Another part of Bush’s interview with the Washington Post the other day that was fascinating was this exchange on the Federal Marriage Amendment:
The Post: Do you plan to expend any political capital to aggressively lobby senators for a gay marriage amendment?
THE PRESIDENT: You know, I think that the situation in the last session — well, first of all, I do believe it’s necessary; many in the Senate didn’t, because they believe DOMA [the Defense of Marriage Act] will — is in place, but — they know DOMA is in place, and they’re waiting to see whether or not DOMA will withstand a constitutional challenge.
The Post: Do you plan on trying to — using the White House, using the bully pulpit, and trying to —
THE PRESIDENT: The point is, is that senators have made it clear that so long as DOMA is deemed constitutional, nothing will happen. I’d take their admonition seriously.
The Post: But until that changes, you want it?
THE PRESIDENT: Well, until that changes, nothing will happen in the Senate. Do you see what I’m saying?
Some religious right leaders are seeing this as Bush using gay marriage to court their vote during an election campaign, then abandoning it after the election. As the Boston Globe is reporting:
With the reelection of a president they considered a soul mate, and last year’s overwhelming voter approval of 13 amendments banning gay marriage to state constitutions, social conservatives were ready to celebrate. But President Bush dampened the mood early in the week by signaling that he did not intend to press Congress to approve an amendment banning gay marriage to the US Constitution.
“We’re deeply concerned,” said Tony Perkins, president of the Washington-based Family Research Council and the host to the open house. “This amendment is not going to walk its way through the Senate. His leadership is needed.”…
The restive mood of the Republican Party’s religious activists contrasts with their heady postelection attitude. Then, they were certain their strong get-out-the-vote efforts on behalf of Bush, coupled with demonstrated voter support for laws banning gay marriage, would propel a socially conservative agenda inside the White House and on Capitol Hill.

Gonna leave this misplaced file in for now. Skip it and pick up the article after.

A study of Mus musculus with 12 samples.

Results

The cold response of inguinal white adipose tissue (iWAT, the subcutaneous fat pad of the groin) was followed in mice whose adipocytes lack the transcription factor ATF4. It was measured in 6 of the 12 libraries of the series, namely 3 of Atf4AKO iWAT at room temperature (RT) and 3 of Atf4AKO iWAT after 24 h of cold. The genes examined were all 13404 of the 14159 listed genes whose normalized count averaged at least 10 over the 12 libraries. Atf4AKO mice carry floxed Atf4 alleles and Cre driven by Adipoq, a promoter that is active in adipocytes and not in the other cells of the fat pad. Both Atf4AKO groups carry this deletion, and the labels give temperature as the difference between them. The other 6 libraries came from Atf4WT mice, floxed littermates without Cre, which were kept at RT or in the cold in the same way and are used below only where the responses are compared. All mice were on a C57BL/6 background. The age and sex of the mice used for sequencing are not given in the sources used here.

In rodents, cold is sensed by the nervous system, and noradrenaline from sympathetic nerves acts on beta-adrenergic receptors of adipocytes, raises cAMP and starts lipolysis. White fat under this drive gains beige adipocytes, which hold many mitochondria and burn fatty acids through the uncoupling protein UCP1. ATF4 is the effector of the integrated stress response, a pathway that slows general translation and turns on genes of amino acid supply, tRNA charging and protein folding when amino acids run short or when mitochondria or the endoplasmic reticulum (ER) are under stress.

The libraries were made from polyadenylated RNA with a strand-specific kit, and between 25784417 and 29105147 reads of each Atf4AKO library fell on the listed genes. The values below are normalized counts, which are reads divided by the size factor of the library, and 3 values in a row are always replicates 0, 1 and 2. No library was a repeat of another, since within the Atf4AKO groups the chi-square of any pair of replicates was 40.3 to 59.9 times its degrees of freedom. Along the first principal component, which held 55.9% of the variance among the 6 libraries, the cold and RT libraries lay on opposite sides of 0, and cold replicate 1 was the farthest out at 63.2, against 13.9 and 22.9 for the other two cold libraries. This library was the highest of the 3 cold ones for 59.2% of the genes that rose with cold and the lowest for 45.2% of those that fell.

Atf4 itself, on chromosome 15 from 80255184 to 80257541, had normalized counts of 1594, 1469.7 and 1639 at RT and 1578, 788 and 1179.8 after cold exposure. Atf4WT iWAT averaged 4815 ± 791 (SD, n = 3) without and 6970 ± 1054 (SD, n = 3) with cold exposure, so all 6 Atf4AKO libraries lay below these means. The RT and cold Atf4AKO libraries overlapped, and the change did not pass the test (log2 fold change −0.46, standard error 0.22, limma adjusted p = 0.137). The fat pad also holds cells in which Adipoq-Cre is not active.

But President Bush, who supported an amendment to the US Constitution barring gay marriage during last year’s presidential campaign, said in a newspaper interview last weekend that he will not press the Senate to pass the measure because the votes are not there. Bush suffered a defeat last summer when his conservative allies failed to muster a majority of senators to support moving the proposal forward.
The president’s latest comments provoked an immediate outcry from the right, forcing his spokesman Scott McClellan on Tuesday to offer salve to the wounded.
You know what? They’re right. Bush IS abandoning them because all he really wanted was their votes in November. Bush’s arguments for why he pushed for an amendment before but won’t now are silly and contradictory. The votes were not there to pass the amendment last summer and fall either. In fact, if it was brought up for a vote, it would get more votes now than it did then because the Republicans have picked up 5 more seats. And the DOMA was at just as much risk of being overturned then as it is now, which is to say very little.
His arguments for why he’s not pushing for the FMA at this point applied even more strongly last year, the So Con leadership knows it and they’re not buying this shallow excuse. Personally, I’m glad he’s not going to push it as part of his agenda, but I also think it points out what I’ve been saying all along – the anti-gay rights agenda is primarily about demagoguery, not principle. Both the White House and the Republican leadership knew that the FMA had no chance of passing the Senate last year with the 67 votes necessary to send it to the states. So why did they bother with it? To court the religious right vote both in the Presidential election and in congressional elections around the country. They brought it up and kept it in the spotlight so they could say, “see, those God-hating, fag-loving liberals won’t let this through. Don’t you hate them? We hate them too. Vote for us so we can stop them from destroying your family.” And of course, it worked.
Just like abortion, though, it only worked to achieve the party’s political goals, not to achieve the legislative goals of the voters themselves. Just like on abortion, the Republican leadership – the political leadership, not the ideological leadership – doesn’t really want to achieve those goals. If a Federal Marriage Amendment or an overturning of Roe v. Wade actually passed, they would have nothing to run against. They’d have nothing left on which to point the finger at those godless evil pagan usurpers, no way to exploit the issue and make people afraid. And fear, ladies and gentlemen, is the lifeblood of politics. You get out the vote by exploiting people’s fear of Them.